Delayed spring sports season benefits girls’ golf more than anyone
Usually, the first few weeks of girls’ golf practice is in a gym, or at head coach Shannon Hanley’s golf studio on the west side of town. This year, the girls are enjoying warm weather and feeling the grass between their toes on week one.
“It’s exciting we can actually play on grass this year,” said senior Sophia Gowdy. “Normally we can’t, so that’s new for us. We’ve already played nine holes. Some people have played 18 holes.”
The pandemic altered Colorado High School sports, splitting the seasons into four, rather than three, and pushing the start of spring sports into late April. Girls golf is reaping the benefits of that shift more than anyone. Not only have they been able to practice outside from the get-go, but they can get on courses earlier in the season and get more swings in.
“Realistically speaking, this should be the best year for them to learn about the game because they can play outside,” Hanley said.
Even without local courses opening, the team has been busy incorporating cross training into their practices. On Friday after school, the team did yoga on the green in front of the high school. Hanley strives to better her athletes in as many ways as possible throughout the season, using yoga, nutrition classes and fun personality tests to keep things interesting and educate the Sailors.
For a few golfers, the season started April 29 in Palisade, but most will compete on Monday at Eagle Ranch. For many, it’ll be the first competition in two years.
“It’s kind of nerve-wracking,” said senior Jojo Vertrees. “I haven’t played in a tournament since sophomore year.”
“Kind of zero expectations,” added senior Ryley Seibel. “Just ready to get out there and get it rolling.”
Between Eagle Ranch and May 28, the team has four more tournaments scheduled, but are hoping to find more in which to compete.
Even with the adjusted season schedule, there is still the issue of getting in enough rounds to qualify for state. With spring break coinciding with a few local tournaments, the Sailors will be cutting it close with how many rounds they’ve played leading up to the postseason.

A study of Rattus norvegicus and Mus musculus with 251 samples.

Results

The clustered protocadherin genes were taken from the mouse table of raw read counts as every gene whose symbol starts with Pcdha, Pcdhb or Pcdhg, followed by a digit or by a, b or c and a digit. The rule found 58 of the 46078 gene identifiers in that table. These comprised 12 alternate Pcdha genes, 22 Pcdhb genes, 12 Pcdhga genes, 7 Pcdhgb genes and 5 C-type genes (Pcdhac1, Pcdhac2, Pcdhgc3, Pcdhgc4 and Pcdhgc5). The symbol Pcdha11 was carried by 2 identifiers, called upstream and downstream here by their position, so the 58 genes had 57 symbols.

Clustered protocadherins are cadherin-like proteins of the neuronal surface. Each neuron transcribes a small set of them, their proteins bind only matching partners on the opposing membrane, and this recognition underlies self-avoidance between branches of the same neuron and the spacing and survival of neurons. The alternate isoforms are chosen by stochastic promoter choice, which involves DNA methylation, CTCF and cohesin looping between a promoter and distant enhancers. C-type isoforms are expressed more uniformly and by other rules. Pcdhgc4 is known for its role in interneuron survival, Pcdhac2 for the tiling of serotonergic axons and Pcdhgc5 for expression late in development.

Another way the pandemic boosted the team was the nationwide boom in golf. With golfing being one of the consistently available recreational options throughout the pandemic, it saw a massive rise in interest at every level.
With that, a few freshmen found the sport and joined the team. To ensure everyone gets the attention and competition level they are comfortable with and deserve, Hanley intends to split the team into two.
“My goal this year is to break the team into two different places,” she said. “One a developmental team where we learn more basic skills and hands-on training, and then allowing those kids who have some golf experience the opportunity to hit a lot of balls before we go play some tournaments.”
April 29 - at Palisade
May 3 - at Vail Mountain
May 11 - at Rifle
May 17 - at Glenwood Springs
May 18 - at Moffat County
May 28 - at Palisade
To reach Shelby Reardon, call 970-871-4253, email sreardon@SteamboatPilot.com or follow her on Twitter @ByShelbyReardon.
Support Local Journalism
Support Local Journalism
Readers around Steamboat and Routt County make the Steamboat Pilot & Today’s work possible. Your financial contribution supports our efforts to deliver quality, locally relevant journalism.
Now more than ever, your support is critical to help us keep our community informed about the evolving coronavirus pandemic and the impact it is having locally. Every contribution, however large or small, will make a difference.
Each donation will be used exclusively for the development and creation of increased news coverage.